The college’s self-check survey and newly implemented scanning stations offer a false sense of security amid recent malfunctions.
Opinion by Cassandra Nava, Editor-in-Chief
Only 10 buildings on campus are outfitted with scanning stations for students to verify their Cleared4Class pass this semester, but with no enforcement, data monitoring and malfunctioning scanners, Valley College’s efforts bring more confusion than clarity.
Valley’s website states that in order to access campus facilities, a student or faculty member must follow a two-step process of filling out the self-check questionnaire and scan the QR code’s “clear pass.” In the first week of the spring semester, check-in scanning stations in the business journalism and humanities building were out of order. On Feb. 10, students were sent an email from from the district with the subject; “Cleared4 Check-In Stations are Temporarily Down; If Visiting the Campus, Still Do Your Self-Check Screening.” About an hour later a follow-up email was sent stating that the check-in stations were operational again.
The scanning stations, which were installed as early as last fall — and are hardly more than a chromebook placed on a desk — have proven themselves an ineffective way to keep track of a student’s clear pass. Despite the malfunction of the scanners districtwide, classes and buildings remained open, proving the uselessness of the scanners.
The enforcement of using the check-in system is nonexistent, which begs the question of how many students are attending classes with symptoms of COVID-19. Students can choose to ignore the option to scan (or even skip the symptom check entirely) because there is no accountability.
According to President Barry Gribbons, the college is hiring office assistants to configure the data on a “regular basis” and follow up with students who do not self-check and scan in for the day. The hiring process started on Feb. 11.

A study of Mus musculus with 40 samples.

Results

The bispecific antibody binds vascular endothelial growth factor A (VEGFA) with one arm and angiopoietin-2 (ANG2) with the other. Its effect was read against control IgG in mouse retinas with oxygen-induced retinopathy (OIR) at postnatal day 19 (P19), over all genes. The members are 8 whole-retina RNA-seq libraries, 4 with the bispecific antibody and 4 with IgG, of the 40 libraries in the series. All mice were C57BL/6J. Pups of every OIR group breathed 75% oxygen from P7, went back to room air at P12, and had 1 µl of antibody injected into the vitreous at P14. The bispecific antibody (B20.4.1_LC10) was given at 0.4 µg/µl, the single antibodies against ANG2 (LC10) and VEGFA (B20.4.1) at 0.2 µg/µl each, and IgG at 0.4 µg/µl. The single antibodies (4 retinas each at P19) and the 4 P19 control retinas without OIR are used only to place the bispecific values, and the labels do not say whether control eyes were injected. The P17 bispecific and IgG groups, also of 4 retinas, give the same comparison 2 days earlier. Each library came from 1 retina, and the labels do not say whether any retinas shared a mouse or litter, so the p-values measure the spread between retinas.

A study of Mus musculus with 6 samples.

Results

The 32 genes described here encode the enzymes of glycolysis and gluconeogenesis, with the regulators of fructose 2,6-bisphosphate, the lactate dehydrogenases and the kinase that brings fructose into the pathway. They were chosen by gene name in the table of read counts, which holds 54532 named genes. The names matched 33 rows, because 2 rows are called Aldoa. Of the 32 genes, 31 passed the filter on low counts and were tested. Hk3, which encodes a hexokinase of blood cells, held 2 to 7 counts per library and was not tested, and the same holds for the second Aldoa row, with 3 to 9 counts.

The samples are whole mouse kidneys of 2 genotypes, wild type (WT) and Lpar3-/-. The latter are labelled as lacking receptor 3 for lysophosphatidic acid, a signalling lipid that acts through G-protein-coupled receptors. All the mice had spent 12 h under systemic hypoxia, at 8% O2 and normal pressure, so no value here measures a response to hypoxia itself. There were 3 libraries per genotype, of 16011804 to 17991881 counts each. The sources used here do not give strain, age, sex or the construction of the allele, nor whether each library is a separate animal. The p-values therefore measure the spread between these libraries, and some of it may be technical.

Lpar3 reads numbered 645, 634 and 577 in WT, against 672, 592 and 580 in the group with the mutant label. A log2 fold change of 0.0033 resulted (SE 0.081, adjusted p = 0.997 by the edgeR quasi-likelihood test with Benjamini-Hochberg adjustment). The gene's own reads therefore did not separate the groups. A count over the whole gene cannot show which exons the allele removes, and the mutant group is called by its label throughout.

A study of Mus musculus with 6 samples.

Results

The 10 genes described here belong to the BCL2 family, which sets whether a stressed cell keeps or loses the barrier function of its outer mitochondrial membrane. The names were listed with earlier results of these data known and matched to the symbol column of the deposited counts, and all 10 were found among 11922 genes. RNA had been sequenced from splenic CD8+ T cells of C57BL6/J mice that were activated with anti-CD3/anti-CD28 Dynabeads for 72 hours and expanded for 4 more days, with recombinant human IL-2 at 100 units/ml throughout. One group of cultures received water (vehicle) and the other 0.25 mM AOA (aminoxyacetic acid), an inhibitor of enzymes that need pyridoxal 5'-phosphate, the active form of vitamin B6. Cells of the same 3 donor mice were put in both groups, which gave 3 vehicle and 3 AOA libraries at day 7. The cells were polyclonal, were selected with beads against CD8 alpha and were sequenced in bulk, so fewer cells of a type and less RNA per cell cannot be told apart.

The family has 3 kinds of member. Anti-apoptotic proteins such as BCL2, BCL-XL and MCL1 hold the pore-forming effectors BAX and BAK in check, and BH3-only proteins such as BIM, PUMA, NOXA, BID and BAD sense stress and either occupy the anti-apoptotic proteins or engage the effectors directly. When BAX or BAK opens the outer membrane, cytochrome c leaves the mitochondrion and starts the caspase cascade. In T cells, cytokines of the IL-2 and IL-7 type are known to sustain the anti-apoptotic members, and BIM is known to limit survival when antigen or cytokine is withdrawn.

“Any student who is not in compliance with any of the requirements should expect to be contacted by those staff members,” said Gribbons. “Our focus will be bringing students into compliance, so we’ll be doing our best to work with the students.”
In their current state of perpetual malfunction, the scanners do not offer any protection to students or faculty. But the issue of accountability does not boil down to the scanner; schools do not have the ability to review a history of Cleared4 symptom self-checks, meaning there is no way to prove that students actually use the system that is supposed to keep them safe.
The two-step system is flawed, but with indoor masking enforced there is at least one constant. Although the college may be acting quickly out of concern for student safety, the new systems are sloppily implemented and offer a false sense of security. The college should focus on creating guidelines for these systems that students will actually follow, otherwise the whole process will continue to be fundamentally useless.
The abundance of rules and emails forced down students' throats can cause more harm than good, confusing them or possibly deterring them from taking in-person courses.
Unclear guidelines only further students’ confidence in what is designed to create a safe return to campus, resulting in a lack of trying to comply with a system that has not proven to be successful.